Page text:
The Visual Display of Quantitative Information
For the last couple of years I have been in search of theories in Data Visualization. Educate myself on the fundamentals. My search has taken me to many books and blogs. But none as remarkable as Edward Tufte book seminal work on the subject. This is a short refresher of the core concepts. Even as I write for myself, it may be of some use to a passing busy programmer.
- Graphical Excellence: that which gives a viewer maximum ideas in shortest time with least ink in the smallest space
- Graphical excellence is nearly always multivariate. Charts depicting behavior of two variables with respect to each other are always more insightful than simple time-series or progression graphs
- ‘Graphical Integrity’ reigns supreme. Beware of distortions. Thre representation of numbers as physically measured on the surface of the graphic itself should be directly proportional to the numerical quantities represented (as an aside, this book might be a good read on distortions!)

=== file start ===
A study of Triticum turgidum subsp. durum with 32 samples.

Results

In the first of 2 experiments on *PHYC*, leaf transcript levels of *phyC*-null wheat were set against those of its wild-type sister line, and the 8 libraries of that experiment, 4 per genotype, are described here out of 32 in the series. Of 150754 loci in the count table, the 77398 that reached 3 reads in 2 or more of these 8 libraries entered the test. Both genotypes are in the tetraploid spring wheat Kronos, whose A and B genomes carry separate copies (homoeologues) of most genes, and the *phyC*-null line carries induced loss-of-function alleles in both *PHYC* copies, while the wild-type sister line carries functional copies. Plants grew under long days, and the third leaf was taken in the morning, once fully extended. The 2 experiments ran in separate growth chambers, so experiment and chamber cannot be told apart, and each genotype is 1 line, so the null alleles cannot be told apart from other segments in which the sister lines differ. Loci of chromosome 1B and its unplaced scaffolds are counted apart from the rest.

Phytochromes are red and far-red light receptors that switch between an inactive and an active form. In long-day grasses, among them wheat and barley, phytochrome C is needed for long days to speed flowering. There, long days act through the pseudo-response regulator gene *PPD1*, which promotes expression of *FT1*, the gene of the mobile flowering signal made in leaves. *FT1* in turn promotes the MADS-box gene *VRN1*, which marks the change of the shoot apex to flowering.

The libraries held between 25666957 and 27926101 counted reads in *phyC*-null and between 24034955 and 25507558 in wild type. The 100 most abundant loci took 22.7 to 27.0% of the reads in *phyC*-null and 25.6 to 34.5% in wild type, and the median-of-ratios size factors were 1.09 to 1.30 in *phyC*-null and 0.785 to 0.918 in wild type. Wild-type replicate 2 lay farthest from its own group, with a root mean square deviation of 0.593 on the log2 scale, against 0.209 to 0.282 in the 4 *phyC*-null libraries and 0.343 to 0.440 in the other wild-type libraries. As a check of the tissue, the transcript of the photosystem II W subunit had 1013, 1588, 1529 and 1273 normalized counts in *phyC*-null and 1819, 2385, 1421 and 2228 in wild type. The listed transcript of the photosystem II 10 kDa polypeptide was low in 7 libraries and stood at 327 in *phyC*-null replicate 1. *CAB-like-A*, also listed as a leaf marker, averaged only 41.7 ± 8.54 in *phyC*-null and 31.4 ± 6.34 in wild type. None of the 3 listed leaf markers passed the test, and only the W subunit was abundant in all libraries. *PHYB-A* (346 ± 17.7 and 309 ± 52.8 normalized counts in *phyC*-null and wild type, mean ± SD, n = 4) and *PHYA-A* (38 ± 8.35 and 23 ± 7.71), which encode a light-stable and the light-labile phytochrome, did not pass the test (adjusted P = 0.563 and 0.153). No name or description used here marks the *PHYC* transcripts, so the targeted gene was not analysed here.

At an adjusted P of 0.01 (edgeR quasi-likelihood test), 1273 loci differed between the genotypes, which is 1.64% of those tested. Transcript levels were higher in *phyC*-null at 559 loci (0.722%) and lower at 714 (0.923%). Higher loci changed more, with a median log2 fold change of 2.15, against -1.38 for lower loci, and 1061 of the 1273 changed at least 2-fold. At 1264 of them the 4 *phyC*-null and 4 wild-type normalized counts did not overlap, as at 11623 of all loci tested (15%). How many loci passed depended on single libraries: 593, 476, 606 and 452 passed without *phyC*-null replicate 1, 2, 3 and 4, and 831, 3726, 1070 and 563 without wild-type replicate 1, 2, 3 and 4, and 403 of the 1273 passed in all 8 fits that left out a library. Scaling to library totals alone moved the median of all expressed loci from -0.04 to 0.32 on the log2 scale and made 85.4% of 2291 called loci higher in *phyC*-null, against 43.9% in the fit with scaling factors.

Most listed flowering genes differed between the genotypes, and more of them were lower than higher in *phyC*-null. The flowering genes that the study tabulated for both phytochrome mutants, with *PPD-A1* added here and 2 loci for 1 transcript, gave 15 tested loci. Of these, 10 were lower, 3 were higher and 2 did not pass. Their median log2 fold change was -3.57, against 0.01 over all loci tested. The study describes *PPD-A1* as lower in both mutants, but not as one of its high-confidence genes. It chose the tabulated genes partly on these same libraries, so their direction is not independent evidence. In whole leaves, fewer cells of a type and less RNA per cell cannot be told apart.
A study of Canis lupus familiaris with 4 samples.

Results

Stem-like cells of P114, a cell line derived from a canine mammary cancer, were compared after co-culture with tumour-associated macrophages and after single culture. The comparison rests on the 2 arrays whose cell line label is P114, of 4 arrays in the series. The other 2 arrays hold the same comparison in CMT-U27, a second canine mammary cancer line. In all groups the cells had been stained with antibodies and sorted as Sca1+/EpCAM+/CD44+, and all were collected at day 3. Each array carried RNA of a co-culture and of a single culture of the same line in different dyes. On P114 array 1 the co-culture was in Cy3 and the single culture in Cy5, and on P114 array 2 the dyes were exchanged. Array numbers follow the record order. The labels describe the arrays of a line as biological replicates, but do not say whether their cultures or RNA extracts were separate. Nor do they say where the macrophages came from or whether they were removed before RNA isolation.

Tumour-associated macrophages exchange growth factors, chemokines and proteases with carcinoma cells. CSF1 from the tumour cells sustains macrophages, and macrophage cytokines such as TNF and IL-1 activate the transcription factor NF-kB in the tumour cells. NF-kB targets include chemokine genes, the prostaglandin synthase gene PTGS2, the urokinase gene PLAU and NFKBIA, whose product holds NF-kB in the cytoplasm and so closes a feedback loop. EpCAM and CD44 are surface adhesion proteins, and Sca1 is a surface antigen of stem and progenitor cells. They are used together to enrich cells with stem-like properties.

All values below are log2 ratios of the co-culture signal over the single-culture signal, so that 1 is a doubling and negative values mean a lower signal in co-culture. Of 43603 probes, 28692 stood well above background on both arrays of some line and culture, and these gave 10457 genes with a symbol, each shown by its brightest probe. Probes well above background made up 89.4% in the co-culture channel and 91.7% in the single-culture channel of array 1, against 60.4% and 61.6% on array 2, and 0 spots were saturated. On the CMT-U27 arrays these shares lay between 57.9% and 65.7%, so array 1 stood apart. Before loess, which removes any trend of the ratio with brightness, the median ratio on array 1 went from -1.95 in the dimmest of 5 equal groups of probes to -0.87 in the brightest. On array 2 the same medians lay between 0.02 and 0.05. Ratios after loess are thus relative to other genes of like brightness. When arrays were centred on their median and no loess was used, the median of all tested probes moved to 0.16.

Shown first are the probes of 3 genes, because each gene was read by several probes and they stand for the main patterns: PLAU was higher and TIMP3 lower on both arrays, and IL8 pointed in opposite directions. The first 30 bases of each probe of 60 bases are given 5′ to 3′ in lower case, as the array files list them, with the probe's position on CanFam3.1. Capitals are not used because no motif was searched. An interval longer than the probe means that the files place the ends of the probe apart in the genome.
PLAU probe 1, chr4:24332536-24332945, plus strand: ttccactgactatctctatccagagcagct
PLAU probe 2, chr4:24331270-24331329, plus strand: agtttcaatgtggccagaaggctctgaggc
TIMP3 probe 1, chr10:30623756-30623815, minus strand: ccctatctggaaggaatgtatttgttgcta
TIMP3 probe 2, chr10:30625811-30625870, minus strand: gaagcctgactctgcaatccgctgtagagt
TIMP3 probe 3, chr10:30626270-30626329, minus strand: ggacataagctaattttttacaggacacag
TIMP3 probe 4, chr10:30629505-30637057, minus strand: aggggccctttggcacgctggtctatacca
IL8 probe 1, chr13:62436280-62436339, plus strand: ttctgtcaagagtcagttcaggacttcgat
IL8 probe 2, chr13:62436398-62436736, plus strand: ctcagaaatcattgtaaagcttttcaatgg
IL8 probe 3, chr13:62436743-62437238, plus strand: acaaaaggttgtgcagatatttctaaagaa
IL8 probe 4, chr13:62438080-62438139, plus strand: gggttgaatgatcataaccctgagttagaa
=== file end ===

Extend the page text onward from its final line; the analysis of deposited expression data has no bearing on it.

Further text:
- The number of information carrying (variable) dimensions depicted should not exceed the number of dimensions in the data. Beware of area charts depicting single variable variations
- Maximize the data-ink ratio, within reason. Erase non-data-ink, within reason. Revise. Rethink.
- Moire vibrations in statistical charts are chartjunk. Gridlines, often, are chartjunk. 3D, often, is chartjunk. More than 3 colors are, often, chartjunk. Piecharts are always chartjunk. Easy graphing software is leading to more chartjunk and more amazing chartjunk
- Awesome examples of clarity by revision - redesigning boxplots, barcharts and my personal favorite - the super intuitive dot-dash plot combining marginal distribution with a bivariate distribution!
- Use coordinates and axes with thought - maximize data-ink
- Organize and order the flow of graphical information presented to the eye - charts should intelligently use what are known facts on cognitive abilities of human brain
- Balance and optimize data-density = (number of data entries)/(area of the graphic). Try to maximize it. Else shrink the graphic
- Pay attention to line weights
- Curious case of the Golden Rectangle
- And, finally, it was John Tukey who once said - there is no data that can be displayed in a pie chart, that cannot be displayed BETTER in some other type of chart.